Using Lean Construction to Shorten Project Schedules
Lean construction is a process that works to continually improve the method of project delivery. Its goals are to eliminate waste, improve processes, and create more collaboration among project team members.
Lean construction came out of the Toyota manufacturing facilities after World War II. It was used to improve and shorten the manufacturing time for automobiles. Construction has adopted many of the principles of the process to increase efficiency.
Pull planning is a tool from lean construction that seeks to optimize the project schedule. It’s a different way of thinking about project schedules that allows teams to reduce waste, meet deadlines, and shorten project schedules.
Pull planning versus CPM
Pull planning is a schedule creation method that is focused on collaboration. All members of the project team participate in schedule creation, creating buy-in and a sense of ownership. The method works by scheduling the project backwards, from finish to start.
The critical path method, or CPM, is usually created by one person, with or without input from team members. The schedule is handed out to the project team, and everyone is expected to meet it. The schedule is created by working the project from beginning to end, sequentially.
Advantages of pull planning
Pull planning encourages team members to work together to tackle schedule challenges. Meetings are held on a regular basis to ensure that the schedule is being met and problems are being addressed. These regular meetings help improve communication among team members.
Everyone participates in the development and monitoring of the construction schedule. There is open communication among all team members during update meetings, and members work together to address problems. Open communication ensures that everyone knows how each other is doing on the project, so there are less surprises.
Pull planning reduces rework caused by mistakes or miscommunication. It also reduces subcontractor standby time waiting for work to be completed by others. There are fewer change orders on projects that use pull planning, as there is more open communication among team members.
Pull planning process
Every team member participates in schedule creation and regular updates. Project owners and designers are included in this process from beginning to end.
Lay out the project milestones and deadlines and create a timeline on a large whiteboard to represent the progress of the project. While most teams use a low-tech method to create their schedules, there is technology and software available to perform the task electronically.
The team works together to determine the tasks that need to be completed to meet the project intentions. Planning starts at the end of the project and moves toward the beginning. Each activity is represented by a color coordinated sticky note, with each team member represented by a different color. In this initial planning, task durations are not included.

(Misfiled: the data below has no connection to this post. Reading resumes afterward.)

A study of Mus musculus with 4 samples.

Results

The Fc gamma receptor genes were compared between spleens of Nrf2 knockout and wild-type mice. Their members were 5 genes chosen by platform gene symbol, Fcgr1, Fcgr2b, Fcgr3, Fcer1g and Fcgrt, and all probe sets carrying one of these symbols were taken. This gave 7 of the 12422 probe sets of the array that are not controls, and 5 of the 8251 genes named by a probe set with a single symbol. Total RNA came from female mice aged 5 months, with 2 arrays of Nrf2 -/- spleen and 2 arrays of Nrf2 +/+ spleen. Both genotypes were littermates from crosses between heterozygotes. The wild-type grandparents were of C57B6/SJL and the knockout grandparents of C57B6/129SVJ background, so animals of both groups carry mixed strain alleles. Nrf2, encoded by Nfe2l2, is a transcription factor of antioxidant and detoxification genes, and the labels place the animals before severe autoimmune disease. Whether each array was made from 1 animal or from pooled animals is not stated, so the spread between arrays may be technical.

Next, task durations are assessed and added to each sticky note. In addition, the sticky note includes information on what has to be completed before the activity can begin. This helps the team identify critical tasks.
The team collaborates to create a schedule that meets the milestones and deadlines and that everyone buys in to. Dates and durations are modified to meet the schedule requirements.
Each week a weekly plan is developed with the activities that are being worked on that week. These weekly schedules are reviewed by all team members in a cooperative meeting, and changes are made as needed.
Daily morning meetings are used to review the tasks in process that day and ensure that they are being completed as planned.
As changes occur, the daily, weekly, and overall project schedules are updated.
Tips for pull planning success
- When assessing the task durations, look for tasks with no float or contingency and address those first.
- Ask yourself does this activity really depend on the previous one? Can we start earlier?
- No one can alter or modify another person’s sticky notes.
- Sticky notes include the name of the party that is performing the task, the duration, and the resources needed.
- When setting task durations, be realistic and allow feedback from participants that have performed the task before.
- Be aware that changing one task’s duration might affect others.
- Create a lesson learned database, so future projects’ schedules can be more realistic.
Although lean construction is about more than just pull planning, this scheduling technique can save contractors time and money. The process schedules work on a project from finish to start, allowing teams to address critical tasks, and is collaborative, allowing everyone to have a voice in the schedule and create buy-in. Other lean construction tools, such as just in time deliveries, prefabrication, and the use of building information modeling (BIM), can help project teams improve their efficiency and manage the risks of construction more effectively.